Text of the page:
Editor’s Note: Issue 2.3

Windsurfing is a good thing. It shouldn’t come easy.

american_windsurfer_john-chaoLIKE THE CYCLE OF LIFE in our human journey, windsurfing has a similar growth cycle. In this issue, the whole spectrum is represented.

From the infant steps of beginners.

Like our cover babies trying their Mini-Bic for the first time or stories from Margarita, a new “beginner” windsurfing destination rising from the grip of the third world, to learn to windsurf requires a certain innocence.

To the mastery of legends.

Like Debbie Brown, a former pro windsurfer, who stood at the pinnacle of the sport, retired and found inner peace with her competitive and creative self.

Windsurfing refines the human experience.

To a beginner windsurfer struggling to understand the overwhelming disharmony between the forces of nature and our seemingly spastic human machinery, the act of windsurfing would appear to be an impossible task. But for those who persevere, the process of becoming a windsurfer follows a path which provides a perpetual series of challenges that opens or closes a door to the “right of passage” for the practitioner.

I’m getting heavy, huh? Bear with me.

“Had I known what I know now, I would never have done it” is something I could probably say about starting this magazine. To some, learning to windsurf provokes the same thought. Fortunately, however, the choices we make at the beginning stages of life are aided by our ignorance. Didn’t someone say “Ignorance is bliss?”

Indeed, some of the most profound achievements in life have come from people who didn’t know better not to do it. Like most of us who naively venture into windsurfing, because we didn’t know just how difficult it was. “Nobody is spared the struggle,” said a Boston executive who declared that “learning to windsurf is a humbling and miserable experience.”  Speaking like a zen master who has seen the light after struggling for a week with minimal success, he also said, “Windsurfing takes time, energy and commitment.”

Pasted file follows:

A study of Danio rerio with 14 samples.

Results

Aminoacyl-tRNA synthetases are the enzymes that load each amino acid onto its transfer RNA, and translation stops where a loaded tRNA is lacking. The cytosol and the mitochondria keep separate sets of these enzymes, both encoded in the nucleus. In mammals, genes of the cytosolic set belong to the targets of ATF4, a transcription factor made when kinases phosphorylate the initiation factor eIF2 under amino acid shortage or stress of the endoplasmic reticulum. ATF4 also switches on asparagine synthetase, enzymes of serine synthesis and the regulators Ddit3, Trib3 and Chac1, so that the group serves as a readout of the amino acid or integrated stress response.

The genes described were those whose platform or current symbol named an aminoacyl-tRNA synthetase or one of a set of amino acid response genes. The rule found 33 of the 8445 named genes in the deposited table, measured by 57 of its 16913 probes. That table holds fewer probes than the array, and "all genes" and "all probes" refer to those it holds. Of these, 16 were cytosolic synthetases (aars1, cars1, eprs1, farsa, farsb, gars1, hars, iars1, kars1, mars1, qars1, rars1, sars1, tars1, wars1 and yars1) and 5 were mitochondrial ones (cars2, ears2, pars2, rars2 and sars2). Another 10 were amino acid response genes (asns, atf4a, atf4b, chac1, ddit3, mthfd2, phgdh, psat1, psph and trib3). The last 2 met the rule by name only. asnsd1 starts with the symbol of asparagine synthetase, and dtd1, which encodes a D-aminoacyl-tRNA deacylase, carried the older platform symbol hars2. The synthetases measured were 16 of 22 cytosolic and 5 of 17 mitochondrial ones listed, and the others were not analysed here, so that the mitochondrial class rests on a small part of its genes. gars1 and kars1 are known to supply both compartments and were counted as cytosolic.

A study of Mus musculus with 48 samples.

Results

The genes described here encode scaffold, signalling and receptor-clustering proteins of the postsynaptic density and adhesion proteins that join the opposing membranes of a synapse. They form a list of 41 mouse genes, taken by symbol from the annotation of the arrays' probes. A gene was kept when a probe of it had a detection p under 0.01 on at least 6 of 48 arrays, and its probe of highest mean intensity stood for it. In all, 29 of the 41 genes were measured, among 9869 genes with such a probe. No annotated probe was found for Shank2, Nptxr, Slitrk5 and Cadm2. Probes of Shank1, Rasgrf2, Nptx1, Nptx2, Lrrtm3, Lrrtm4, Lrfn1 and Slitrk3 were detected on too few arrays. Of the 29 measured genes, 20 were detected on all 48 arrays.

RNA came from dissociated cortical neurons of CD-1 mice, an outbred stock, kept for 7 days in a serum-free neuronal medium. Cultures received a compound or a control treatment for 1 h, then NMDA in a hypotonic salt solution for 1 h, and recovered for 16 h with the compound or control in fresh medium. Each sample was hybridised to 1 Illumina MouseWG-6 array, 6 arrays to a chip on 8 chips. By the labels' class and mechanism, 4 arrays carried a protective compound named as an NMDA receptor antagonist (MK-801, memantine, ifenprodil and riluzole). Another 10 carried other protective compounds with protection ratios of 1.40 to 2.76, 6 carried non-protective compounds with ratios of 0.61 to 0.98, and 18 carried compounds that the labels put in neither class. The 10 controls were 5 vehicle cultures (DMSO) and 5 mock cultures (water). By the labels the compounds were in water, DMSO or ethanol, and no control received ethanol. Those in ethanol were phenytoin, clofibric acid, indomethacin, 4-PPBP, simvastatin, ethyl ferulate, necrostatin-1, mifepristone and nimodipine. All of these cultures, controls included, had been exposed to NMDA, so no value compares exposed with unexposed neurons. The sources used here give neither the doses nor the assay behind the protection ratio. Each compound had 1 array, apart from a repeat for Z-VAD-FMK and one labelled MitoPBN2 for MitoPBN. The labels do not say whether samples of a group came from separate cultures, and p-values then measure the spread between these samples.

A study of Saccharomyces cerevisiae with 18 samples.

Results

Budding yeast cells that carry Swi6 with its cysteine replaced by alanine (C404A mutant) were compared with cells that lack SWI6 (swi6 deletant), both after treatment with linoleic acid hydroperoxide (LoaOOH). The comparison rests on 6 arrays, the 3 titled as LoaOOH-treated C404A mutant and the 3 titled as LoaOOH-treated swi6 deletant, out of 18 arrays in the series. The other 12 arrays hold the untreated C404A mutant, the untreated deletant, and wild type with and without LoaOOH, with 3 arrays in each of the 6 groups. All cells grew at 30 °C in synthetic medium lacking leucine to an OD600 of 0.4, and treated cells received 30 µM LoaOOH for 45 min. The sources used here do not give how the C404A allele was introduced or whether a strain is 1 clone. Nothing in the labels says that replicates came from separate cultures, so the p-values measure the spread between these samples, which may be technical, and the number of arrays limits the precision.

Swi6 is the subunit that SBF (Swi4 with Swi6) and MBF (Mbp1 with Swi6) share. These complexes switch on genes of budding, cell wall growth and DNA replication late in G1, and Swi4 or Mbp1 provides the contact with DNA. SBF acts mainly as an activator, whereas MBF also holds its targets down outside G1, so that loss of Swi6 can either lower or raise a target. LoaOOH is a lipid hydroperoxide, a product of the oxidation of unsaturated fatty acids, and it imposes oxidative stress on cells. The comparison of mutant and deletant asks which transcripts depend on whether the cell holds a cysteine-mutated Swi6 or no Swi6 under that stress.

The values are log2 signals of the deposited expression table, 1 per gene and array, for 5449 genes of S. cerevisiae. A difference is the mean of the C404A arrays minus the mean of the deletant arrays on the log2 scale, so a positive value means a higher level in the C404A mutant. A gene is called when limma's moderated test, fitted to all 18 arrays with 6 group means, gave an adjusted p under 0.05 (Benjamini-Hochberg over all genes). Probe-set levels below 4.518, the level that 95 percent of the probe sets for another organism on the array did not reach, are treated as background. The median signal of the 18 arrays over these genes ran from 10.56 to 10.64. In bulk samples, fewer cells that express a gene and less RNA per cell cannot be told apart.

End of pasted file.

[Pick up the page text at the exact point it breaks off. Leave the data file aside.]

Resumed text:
Yeah, yeah, money too!

The willingness to leave the shore, the securities and comforts of home, and to venture into the unknown for a new experience, is a remarkable gift. The ability to endure changes, adjust to trying and demanding conditions with a positive constructive attitude is another gift.

The ability to acknowledge the experience, awaken to its suggestions and redeem it for growth and the enhancement of the self is the final gift.

The gift of affirmation.

The story by Connie Winter entitled “Living by the Wind” is a refreshing reminder that life’s gifts come from one’s willingness to seek fulfillment. The idea that we can step out on faith and walk on water; that the thrills of life, the affirmations of life can come true once you’ve struggled, persisted and earned the “right of passage.”

The right to move on.

As we closed this issue, news of the passing of Baron Marcel Bic (Bich) came to us. The 79-year-old founding father of  disposable pens, lighters, razors and the not-so-disposable windsurfers, claimed that one-day windsurfers will become the “bicycles of the sea.”

The Baron loved sailing and sustained a stubborn and obsessive 11-year quest for the America’s Cup, yachting’s most prestigious prize. His closest match was in 1980 after a 0-11 team record, France III survived the initial round-robin against England but lost to Australia in the semifinals.

The unattained quest for the America’s Cup was the Baron’s passion; his pride, joy, and strength. Meanwhile, his disposable BIC empire blossomed with reported worldwide sales of $1.1 billion and a profit of $70.5 million for 1993.

I guess good things don’t come easy.

Windsurfing is a good thing.  It shouldn’t come easy.

John Chao

by John Chao

Publisher / Editor is a former photojournalist for GEO, National Geographic, and Time-Life Magazines.